Generic Antiflu Clashes With Drug Giants’ Tamiflu: David Vs. Goliath?

May 14, 2009

(ChattahBox)— With a swine flu epidemic on the rise around the globe, an Indian upstart pharmaceutical company, named Cipla is about to take on the giant drug companies by manufacturing a cheaper generic version of Tamiflu, called Antiflu.

The Mumbai based drug company, recently won a court case brought in India against Gilead Sciences, Inc, the California based biotech company and the patent owner of Tamiflu, allowing Cipla to produce a generic version of the antiviral drug, and the big pharmaceutical companies are not happy about it.

Gilead and the giant Swiss drug company, Roche Holdings have already engaged in a contentious battle over the distribution of Tamiflu. Tamiflu, the only oral antiviral for the treatment and prevention of influenza A and B, was invented by Gilead and licensed to Roche in exchange for royalties in 1996.

Gilead became unhappy with the agreement, charging Roche with failing to adequately promote Tamiflu and produce it in adequate quantities and sought to take back the distribution rights. The two companies settled their differences in 2005 to work together to increase distribution of the antiviral drug in the wake of a bird flu epidemic.

Now, comes along the Indian upstart company that has the manufacturing capabilities to supply developing countries with a cheaper version of the antiviral drug. Soon after its court victory against Gilead, the Indian drug company filed for, and won approval from WHO certifying that its drug Antiflu was as effective as Tamiflu.

With the WHO approval in hand, Cipla entered into a deal to sell its Antiflu to Mexico at $10.00 per dose as opposed to Roche’s prices from $12.00 to $20.00 per dose. The higher prices ar charged to wealthier countries.

In a quirk in the international drug patents laws, if Mexico grants what’s known as a compulsory license to waive the patent on the drug, existing international trade rules would allow purchases of Antiflu. Lobbying by giant pharmaceutical companies has prevented countries issuing compulsory licenses, until now.

With a looming swine flu pandemic about to infect the entire planet, the clash between giant pharmaceutical companies holding patents, and companies able to produce cheaper generic versions of a drug needed to combat a global health crisis, raises critical ethical and legal questions.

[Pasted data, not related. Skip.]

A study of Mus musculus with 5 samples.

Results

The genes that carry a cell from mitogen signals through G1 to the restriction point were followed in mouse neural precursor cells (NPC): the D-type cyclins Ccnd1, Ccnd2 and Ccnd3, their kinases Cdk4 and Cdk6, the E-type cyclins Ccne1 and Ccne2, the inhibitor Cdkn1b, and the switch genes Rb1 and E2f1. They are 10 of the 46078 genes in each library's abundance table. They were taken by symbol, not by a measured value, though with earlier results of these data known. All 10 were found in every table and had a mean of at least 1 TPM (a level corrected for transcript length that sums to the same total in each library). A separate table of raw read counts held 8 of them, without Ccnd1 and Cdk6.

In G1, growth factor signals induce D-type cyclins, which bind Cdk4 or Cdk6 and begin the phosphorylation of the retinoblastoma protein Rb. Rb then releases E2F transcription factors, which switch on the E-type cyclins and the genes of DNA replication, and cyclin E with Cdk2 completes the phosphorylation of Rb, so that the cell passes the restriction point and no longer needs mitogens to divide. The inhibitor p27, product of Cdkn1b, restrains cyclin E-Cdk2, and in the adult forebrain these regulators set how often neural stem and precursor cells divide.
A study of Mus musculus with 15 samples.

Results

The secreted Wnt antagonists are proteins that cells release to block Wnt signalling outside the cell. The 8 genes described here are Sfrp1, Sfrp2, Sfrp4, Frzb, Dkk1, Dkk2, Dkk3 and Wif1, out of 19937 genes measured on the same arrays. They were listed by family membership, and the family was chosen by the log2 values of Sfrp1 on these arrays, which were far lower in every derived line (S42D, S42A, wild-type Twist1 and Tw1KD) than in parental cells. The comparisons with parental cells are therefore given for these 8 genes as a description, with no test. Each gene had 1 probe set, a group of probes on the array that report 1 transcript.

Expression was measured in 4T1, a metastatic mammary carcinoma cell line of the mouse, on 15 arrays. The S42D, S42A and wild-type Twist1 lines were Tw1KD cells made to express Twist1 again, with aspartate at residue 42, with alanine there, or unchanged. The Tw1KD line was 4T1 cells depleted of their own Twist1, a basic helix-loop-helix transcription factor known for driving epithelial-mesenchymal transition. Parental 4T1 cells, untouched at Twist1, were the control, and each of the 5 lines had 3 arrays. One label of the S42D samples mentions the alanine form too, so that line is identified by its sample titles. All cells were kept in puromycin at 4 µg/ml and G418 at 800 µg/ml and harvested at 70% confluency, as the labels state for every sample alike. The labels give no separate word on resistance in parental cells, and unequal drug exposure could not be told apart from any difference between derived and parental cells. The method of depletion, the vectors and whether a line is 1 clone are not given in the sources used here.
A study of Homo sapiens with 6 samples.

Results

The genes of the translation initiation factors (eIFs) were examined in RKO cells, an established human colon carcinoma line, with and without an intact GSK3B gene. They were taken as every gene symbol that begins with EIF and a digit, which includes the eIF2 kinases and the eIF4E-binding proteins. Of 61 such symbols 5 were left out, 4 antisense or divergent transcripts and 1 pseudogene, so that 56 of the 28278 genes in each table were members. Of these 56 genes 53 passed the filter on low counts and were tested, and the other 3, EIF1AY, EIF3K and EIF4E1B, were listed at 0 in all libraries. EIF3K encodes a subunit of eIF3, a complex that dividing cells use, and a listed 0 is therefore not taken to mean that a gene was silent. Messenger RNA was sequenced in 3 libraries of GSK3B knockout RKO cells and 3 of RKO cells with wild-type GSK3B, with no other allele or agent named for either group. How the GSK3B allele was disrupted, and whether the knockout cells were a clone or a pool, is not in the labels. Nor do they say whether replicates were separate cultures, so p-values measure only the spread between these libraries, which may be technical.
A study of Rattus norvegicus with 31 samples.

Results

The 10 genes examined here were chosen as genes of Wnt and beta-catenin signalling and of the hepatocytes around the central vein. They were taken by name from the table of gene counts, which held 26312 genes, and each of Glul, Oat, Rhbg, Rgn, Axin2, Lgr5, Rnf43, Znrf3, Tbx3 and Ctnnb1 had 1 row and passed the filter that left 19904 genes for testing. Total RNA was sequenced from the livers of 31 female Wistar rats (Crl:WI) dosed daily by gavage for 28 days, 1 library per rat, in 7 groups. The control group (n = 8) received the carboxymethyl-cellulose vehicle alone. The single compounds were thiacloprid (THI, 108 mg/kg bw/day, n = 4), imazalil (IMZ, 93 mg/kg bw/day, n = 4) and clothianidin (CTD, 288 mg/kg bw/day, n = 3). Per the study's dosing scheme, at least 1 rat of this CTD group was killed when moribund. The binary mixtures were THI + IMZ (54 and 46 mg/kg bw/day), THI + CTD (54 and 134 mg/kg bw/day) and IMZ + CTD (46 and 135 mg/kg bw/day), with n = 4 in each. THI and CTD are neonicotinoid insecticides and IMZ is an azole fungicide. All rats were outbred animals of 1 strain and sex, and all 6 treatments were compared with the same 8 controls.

With Roche, as the only patent holder of Tamiflu, governments are already stockpiling it to prevent fatalities from complications associated with the swine flu. Nations are already setting plans in place to make Tamiflu available to its most vulnerable citizens first, such as pregnant women and children.

With projections estimating that nearly a third of the world’s population would become infected with swine flu, Roche and its affiliates can’t possible produce sufficient quantities of its Tamiflu to protect the world’s population.

With Cipla now in the mix, capable of increasing production and offering cheaper generic versions of Tamiflu to poorer nations, Roche and Gilead will appear as greedy corporations not interested in the public’s welfare during a pandemic, if they attempt to stop Cipla with legal action.

Amar Lulla, Cipla’s managing director, announced the company would only sell Antiflu to Mexico and other countries, providing they indemnified Cipla against any legal action over patents.

Roche is not saying whether the company plans legal action against Cipla to protect its exclusive distribution rights. Roche just recently supplied Mexico with a large stock of Tamiflu and doesn’t see a reason for Mexico to issue compulsory licensing, opening up the floodgates to upstart companies like Cipla offering cheaper generic drugs.

The infection rate and deaths from swine flu are on the rise and expected to reach crisis levels in the fall during the seasonal flu season. The latest swine flu global statistics have an estimated 6,298 confirmed cases in 33 countries and 63 deaths, so far.

As the swine flu epidemic worsens, and countries scramble for a dwindling supply of Tamiflu, Cipla’s generic Antiflu may just prove to be a lifesaver.

Roche is now in a quandary. If Roche decides to tie up Cipla’s production of Antiflu in lengthy court proceedings, while people around the world succumb to swine flu, the Swiss drug maker would face a public relations nightmare.



2 Responses to “Generic Antiflu Clashes With Drug Giants’ Tamiflu: David Vs. Goliath?”

  1. Tamiflu vs Antiflu. È guerra commerciale sui farmaci per l’A/H1N1 - GREG NOTIZIE on May 15th, 2009 6:31 am

    […] della sanità, ndr) ma che viene venduta a prezzi molto più bassi rispetto alla pillola americana. L’azienda, che ha sfidato le multinazionali del farmaco già una volta con una “versione low […]

  2. shaik farhan on January 5th, 2011 6:43 am

    Please send me update information Cipla.